After 10 days of intermittent failures in a major data network that left thousands of business customers without Internet access, electronic mail and other services, MCI WorldCom Inc. executives said yesterday that the troubled system is up and running and offered to provide 20 days of free service to victims of the outage.
In a telephone conference call yesterday, MCI WorldCom's president and chief executive, Bernard J. Ebbers, apologized to the almost 3,000 customers affected by the costly service breakdown.
Among the major casualties was the Chicago Board of Trade, which lost about four days of service in which 150,000 to 200,000 trades might have been made, valued at anywhere from a few thousand to a several hundred thousand dollars each.
Telecommunications analysts said the incident highlighted the importance--and the vulnerability--of such Internet-based networks, used increasingly by companies to handle important business communications and transactions. "The bottom line is, this could happen to anybody," said Jennifer Pigg, an analyst with the Yankee Group in Boston, recalling a similar outage AT&T Corp. experienced last year.
The embarrassment suffered by MCI WorldCom will apparently exceed the immediate financial consequences of the outage, which will be slight, Ebbers said.
Ebbers said he and his staff have begun writing letters of apology and explanation to affected customers, which include companies as large as America Online Inc. of Dulles and small businesses with only a thousand dollars in monthly revenue.
Many analysts and customers say the effort is too little too late in the aftermath of a problem that first surfaced Aug. 5.
"This thing has gone from unbelievable to unbearable to now unforgivable," said Ken McGee, an analyst with the Gartner Group Inc., a Stamford, Conn., market research company.
"They were not nearly as forthcoming with information as they should have been," Pigg said.
For MCI WorldCom, "the real damage that will occur is MCI customers not renewing," McGee said.
No customers have canceled service, MCI WorldCom executives said.
Earlier this month, MCI WorldCom began having problems with its frame-relay network, one of several kinds of networks providing high-speed Internet access and e-mail service to businesses. The Clinton, Miss.-based company traced the problem to recently installed software from Lucent Technologies Inc. but is still trying to find the exact cause.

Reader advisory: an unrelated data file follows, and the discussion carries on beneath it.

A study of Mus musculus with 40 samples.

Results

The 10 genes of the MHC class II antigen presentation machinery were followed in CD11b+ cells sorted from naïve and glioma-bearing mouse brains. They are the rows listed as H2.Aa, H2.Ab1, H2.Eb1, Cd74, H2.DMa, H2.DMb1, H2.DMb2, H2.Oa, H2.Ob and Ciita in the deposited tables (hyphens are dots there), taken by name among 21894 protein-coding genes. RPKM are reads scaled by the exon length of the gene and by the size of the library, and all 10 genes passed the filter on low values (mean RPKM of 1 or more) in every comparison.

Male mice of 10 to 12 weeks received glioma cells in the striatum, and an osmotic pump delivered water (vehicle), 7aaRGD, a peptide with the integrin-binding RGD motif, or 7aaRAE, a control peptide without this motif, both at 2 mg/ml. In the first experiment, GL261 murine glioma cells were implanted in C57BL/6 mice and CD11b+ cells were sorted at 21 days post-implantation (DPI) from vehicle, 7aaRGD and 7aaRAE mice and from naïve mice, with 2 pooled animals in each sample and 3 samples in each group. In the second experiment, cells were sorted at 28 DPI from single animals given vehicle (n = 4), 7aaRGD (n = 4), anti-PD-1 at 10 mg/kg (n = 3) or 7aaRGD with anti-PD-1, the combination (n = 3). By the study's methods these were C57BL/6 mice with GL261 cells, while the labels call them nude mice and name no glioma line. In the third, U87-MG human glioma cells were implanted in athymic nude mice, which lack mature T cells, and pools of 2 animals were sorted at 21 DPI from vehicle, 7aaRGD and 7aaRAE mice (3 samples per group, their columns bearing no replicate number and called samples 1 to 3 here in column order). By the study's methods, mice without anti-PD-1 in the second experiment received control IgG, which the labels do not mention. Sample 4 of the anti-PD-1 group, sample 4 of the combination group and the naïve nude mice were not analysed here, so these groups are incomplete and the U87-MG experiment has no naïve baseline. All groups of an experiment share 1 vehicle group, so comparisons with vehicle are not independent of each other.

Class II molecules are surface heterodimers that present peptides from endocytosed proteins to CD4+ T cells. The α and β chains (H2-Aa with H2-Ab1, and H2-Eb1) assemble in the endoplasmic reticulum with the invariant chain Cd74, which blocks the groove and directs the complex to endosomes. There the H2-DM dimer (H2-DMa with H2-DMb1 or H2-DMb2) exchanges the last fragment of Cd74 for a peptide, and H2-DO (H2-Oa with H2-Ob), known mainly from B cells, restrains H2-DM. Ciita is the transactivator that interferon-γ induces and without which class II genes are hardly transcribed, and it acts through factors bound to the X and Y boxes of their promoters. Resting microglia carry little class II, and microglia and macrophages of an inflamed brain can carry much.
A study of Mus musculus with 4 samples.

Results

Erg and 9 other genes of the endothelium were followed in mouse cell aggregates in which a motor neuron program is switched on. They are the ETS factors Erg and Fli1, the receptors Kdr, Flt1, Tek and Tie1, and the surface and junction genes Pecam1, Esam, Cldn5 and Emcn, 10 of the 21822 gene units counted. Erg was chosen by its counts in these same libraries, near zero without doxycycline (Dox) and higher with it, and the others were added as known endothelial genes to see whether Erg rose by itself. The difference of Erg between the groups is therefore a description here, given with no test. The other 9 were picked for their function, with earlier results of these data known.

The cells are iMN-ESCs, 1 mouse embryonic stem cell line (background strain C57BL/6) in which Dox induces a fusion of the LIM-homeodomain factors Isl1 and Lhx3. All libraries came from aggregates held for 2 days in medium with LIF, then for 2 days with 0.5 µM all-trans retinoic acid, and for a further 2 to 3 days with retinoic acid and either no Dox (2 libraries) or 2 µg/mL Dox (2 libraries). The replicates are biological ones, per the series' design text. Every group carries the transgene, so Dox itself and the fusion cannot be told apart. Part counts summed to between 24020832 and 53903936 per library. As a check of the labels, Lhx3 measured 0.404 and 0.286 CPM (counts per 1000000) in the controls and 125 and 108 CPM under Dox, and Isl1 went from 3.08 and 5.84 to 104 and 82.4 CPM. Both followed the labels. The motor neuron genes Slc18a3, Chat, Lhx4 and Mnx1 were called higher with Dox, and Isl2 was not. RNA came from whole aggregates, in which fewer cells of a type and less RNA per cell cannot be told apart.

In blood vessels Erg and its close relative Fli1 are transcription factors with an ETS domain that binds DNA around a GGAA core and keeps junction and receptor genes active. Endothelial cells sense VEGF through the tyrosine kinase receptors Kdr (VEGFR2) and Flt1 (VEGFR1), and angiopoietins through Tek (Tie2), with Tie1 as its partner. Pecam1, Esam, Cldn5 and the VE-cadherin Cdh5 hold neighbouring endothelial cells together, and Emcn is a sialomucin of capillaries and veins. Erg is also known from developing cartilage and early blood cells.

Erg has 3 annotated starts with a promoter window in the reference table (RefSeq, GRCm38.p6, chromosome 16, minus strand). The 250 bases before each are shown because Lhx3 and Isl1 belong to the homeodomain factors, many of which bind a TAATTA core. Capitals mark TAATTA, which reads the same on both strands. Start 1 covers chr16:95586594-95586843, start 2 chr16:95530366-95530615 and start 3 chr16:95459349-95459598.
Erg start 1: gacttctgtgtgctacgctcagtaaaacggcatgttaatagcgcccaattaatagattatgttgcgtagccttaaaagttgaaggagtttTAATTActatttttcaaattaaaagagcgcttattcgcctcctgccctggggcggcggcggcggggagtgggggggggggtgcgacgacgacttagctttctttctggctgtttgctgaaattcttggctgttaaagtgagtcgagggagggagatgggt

Over the weekend, the company shut down the affected network for 24 hours to remove the software, which was being installed to expand the network's capacity for additional customers and services. An older version of the software is now in place.
Despite being back online, customers are still coping with the incident.
"The biggest loss . . . is the trading opportunities that we just can't recover," said Chicago Board of Trade spokesman Bret Gallaway.
Gallaway said the board is considering seeking an alternative vendor and noted that its board president, Thomas R. Donovan, had met with MCI WorldCom executives before the outage to discuss ongoing customer service concerns.
"This wasn't just a failure of MCI WorldCom technology," Gallaway said, "it was a failure for MCI WorldCom customer service as well."
Sean Donelan, a senior network architect for St. Louis-based Data Research Associates Inc., a company that provides Internet service to 3,000 public libraries, agreed. He said the 20 days of free service, which MCI WorldCom will credit to customers' accounts, "is better than nothing," but he has discussed further compensation with his MCI WorldCom sales account team.
Donelan said his sales team did not appear to have any more information than he did during the 10-day period.
In the conference call, Ebbers stated that Lucent "has assumed full responsibility," for the software problem.
Lucent spokesman Bill Price said his company "deeply regrets our role in the recent network problems" but added that "this problem has never happened before," despite numerous installations for other clients.
Ebbers would not discuss whether MCI WorldCom would seek financial compensation from Lucent.
Pigg said the outage should alert customers to the need to provide backup systems for use if networks fail. But Donelan said selling consumers on the idea of backup is difficult. "You try to explain how your network is reliable, and then you try to explain to them why they should have a backup," he said. "They think you're trying to sell them something they don't need, that undercoating for the car."
CAPTION: MCI WorldCom chief Bernard J. Ebbers apologized to the almost 3,000 affected customers.